I’m deep into the final rewrite/edit of Dead Friends, the next book in the Will Diaz, Lawman series.
I’ve caught something interesting going on. Character development continues. We keep finding out more about them. For instance, Pam Harmon, the town marshal from Sanford and object of affection for Will’s buddy, RJ, has a three year old son. The little boy thinks RJ walks on water, and in one small scene, we see RJ teaching him how to play the guitar.
But something I hadn’t expected crept in. The curtain is starting to rise for the next book, Family Secrets. Two events foreshadow it. In one, Will runs into his cousin, Daniel, at the courthouse.
“Sorry I haven’t seen you sooner,” I apologized to my cousin. I didn’t mean it. Truth was I couldn’t stand him. If he got hit by a bus, the closest thing I’d show to sorrow was complaining that he got the grill of the bus bloody.
He blew it off. “Hi Will.”
We made small talk for a moment, then I said,”Did Tomas tell you I ran into him in Kuwait?”
He looked away and I couldn’t help but notice that he seemed to go a little pale at the mention of Tomas. I wonder what that’s about, and then he looked back, only his eyes didn’t meet mine.
“Tomas doesn’t write much. I haven’t spoken to him in almost four years.”
“I’m sorry to hear that.” I meant it. Despite his father being a jerk, I liked Tomas. Even if I’d only crossed his path twice in my life. Once when he was five, and then again in Kuwait.
Another piece that foreshadows things to come happens in Chapter Five. They’ve just laid down the operation for going in and making a covert buy of narcotics. Now it’s Will, RJ, and the Sheriff sitting in the Detective Office talking when the dispatcher brings in the mail.
“Detective,” Vickie said. She held several magazines and envelopes. “Your mail.”
“Thanks, Vickie,” I took it from her and began leafing through it.
The new issue of Police magazine. There was discussion about rural patrol tactics in this issue, which I was eager to read. Then there was the usual junk. One was a form letter from a lawyer who represented police officers wondering if we’d be interested in his services. Then a card from the folks we’d purchased body armor from. They were now offering a ceramic plate that rode under the armor and would increase the protection offered. That might be worth looking into.
What caught my eye was an 8 X 10 manila envelope, the kind you would send photographs in. I cold tell it contained several sheets of something, but what caught my eye was the return address. There wasn’t one, just an an address tag with an odd symbol on it.
RJ must have noticed my frown. “What’s that, Will?”
I shook my head. “I don’t know.”
I slit it open and pulled out five sheets of type written paper. I looked closer. No, not from a typewriter, I noticed. These were laser printed documents. I leafed quickly through them.
“What the devil is this?” My eyes went wide. The only thing on it readable was the first page. Everything else was page after page of neatly arranged gibberish.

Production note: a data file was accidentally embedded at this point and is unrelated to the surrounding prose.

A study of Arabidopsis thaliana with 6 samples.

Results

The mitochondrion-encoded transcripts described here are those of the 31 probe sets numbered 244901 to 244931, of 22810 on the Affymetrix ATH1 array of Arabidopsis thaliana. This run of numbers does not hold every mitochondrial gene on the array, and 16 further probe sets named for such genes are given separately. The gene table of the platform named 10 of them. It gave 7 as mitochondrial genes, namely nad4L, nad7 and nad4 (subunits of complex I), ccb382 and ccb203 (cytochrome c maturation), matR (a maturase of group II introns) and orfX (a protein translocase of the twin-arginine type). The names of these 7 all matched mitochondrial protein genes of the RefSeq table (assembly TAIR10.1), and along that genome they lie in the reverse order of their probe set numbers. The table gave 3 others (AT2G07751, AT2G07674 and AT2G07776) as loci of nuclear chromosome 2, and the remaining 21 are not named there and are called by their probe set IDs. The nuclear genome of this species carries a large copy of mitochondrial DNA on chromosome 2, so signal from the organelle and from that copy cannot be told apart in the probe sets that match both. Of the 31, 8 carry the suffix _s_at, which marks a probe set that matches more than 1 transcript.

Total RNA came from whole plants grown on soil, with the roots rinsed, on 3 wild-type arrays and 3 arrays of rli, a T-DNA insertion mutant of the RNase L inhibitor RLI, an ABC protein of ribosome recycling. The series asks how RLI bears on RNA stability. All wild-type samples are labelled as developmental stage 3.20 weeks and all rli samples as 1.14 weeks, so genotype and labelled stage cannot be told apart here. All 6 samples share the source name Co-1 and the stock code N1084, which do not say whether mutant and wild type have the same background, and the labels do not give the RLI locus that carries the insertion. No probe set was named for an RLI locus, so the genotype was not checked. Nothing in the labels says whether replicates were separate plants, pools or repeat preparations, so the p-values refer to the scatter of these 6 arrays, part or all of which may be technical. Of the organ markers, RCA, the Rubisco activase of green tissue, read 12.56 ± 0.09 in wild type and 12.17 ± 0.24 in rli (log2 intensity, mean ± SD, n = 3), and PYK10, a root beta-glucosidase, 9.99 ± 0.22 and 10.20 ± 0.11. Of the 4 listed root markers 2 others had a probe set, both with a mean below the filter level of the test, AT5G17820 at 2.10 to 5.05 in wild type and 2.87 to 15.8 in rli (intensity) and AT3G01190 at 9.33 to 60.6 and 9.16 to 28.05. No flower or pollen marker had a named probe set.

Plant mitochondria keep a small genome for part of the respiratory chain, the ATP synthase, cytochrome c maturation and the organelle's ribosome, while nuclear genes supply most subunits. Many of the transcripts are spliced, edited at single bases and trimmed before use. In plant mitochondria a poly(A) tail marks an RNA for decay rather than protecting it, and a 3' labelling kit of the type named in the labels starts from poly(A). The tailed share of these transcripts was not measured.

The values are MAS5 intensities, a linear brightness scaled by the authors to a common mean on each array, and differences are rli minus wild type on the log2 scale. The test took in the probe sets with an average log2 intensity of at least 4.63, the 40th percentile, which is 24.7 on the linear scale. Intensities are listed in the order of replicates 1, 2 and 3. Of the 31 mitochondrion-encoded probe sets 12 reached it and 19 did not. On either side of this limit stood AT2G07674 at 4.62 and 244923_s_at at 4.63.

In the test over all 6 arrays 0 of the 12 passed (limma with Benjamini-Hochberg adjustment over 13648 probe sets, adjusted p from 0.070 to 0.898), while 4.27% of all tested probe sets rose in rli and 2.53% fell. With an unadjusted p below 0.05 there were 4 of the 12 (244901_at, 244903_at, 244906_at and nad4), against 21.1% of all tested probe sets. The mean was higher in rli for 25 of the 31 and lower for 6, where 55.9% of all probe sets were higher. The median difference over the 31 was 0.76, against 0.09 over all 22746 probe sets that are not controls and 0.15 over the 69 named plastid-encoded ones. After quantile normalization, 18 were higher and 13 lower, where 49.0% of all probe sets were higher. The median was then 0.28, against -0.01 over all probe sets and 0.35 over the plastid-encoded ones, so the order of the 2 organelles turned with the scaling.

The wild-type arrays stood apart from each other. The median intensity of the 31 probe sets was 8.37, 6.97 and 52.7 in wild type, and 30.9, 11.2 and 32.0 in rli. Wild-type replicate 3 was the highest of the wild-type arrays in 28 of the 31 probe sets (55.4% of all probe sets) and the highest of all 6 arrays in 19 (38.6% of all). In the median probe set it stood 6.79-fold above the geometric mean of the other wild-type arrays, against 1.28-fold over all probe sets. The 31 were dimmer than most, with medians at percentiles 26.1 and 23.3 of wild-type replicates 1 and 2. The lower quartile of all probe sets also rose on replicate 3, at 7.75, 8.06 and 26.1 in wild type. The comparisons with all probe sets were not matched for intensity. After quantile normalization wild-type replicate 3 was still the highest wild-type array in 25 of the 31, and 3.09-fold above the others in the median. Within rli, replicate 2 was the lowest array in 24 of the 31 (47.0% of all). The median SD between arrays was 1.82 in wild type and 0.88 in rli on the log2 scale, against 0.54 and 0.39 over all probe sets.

“What do have there?” the Sheriff asked.
I handed him and RJ both a sheet. RJ got the same look of confusion on his face that I had on mine a second earlier. “What is this?”
“I don’t know,” I responded. “But the cover letter is to me.”
“Read it,” the Sheriff commanded.
“It goes ‘Dear Will. I heard you’d made detective, and I’ve been following what you’re doing closely. Sounds like you’re giving the bad guys hell, so keep up the good work.
“‘Now for the purpose of this letter. First, you do know me, and I’m looking forward to the opportunity of working with you. Unfortunately, it won’t be as a fellow officer of the law. Suffice it to say, we’re trying to achieve the same goal, only you have legal constraints tossed on you because you wear a badge. I have no such constraints. You’re facing threats you nothing about, and in the months to come, your world is going to be rocked with news and revelations you never expected.
“‘I’m here to help even the odds, and to do what you can’t. I’ll be beginning operations soon. All I ask is for you to stay out of my way. The sheets of paper that looks like gibberish is my target list. There’s a list of twenty six people who will die. I think once you figure a few things out, you won’t have any issue cracking it, but I hope you don’t crack it too soon.
“‘I am going to give you a freebie. The lawyer, David Wheaton, while he doesn’t appear on the hit list, is very much on my list. I suggest you look at him closely. Not that it will do any good. He’s still a walking dead man.
“‘I’m sorry I’m not giving you a way to talk to me. Any future correspondence will have my symbol below.
“”Again, it’s going to be a pleasure working with you.'”
The bottom of the page had the same cryptic, symbol as the envelope had contained. And below that was a series of dots.
There was more at the bottom of the page.
“‘PS,” I read further.”‘This is no joke, Will. I will do this. Take care.”
I handed it to RJ, and his mouth dropped. “Who the hell does this guy think he is? Zodiac?”
I shrugged, but I said what I was really thinking, “No.” But I knew this guy meant every word of it. I had his target list and it didn’t mean a thing to me.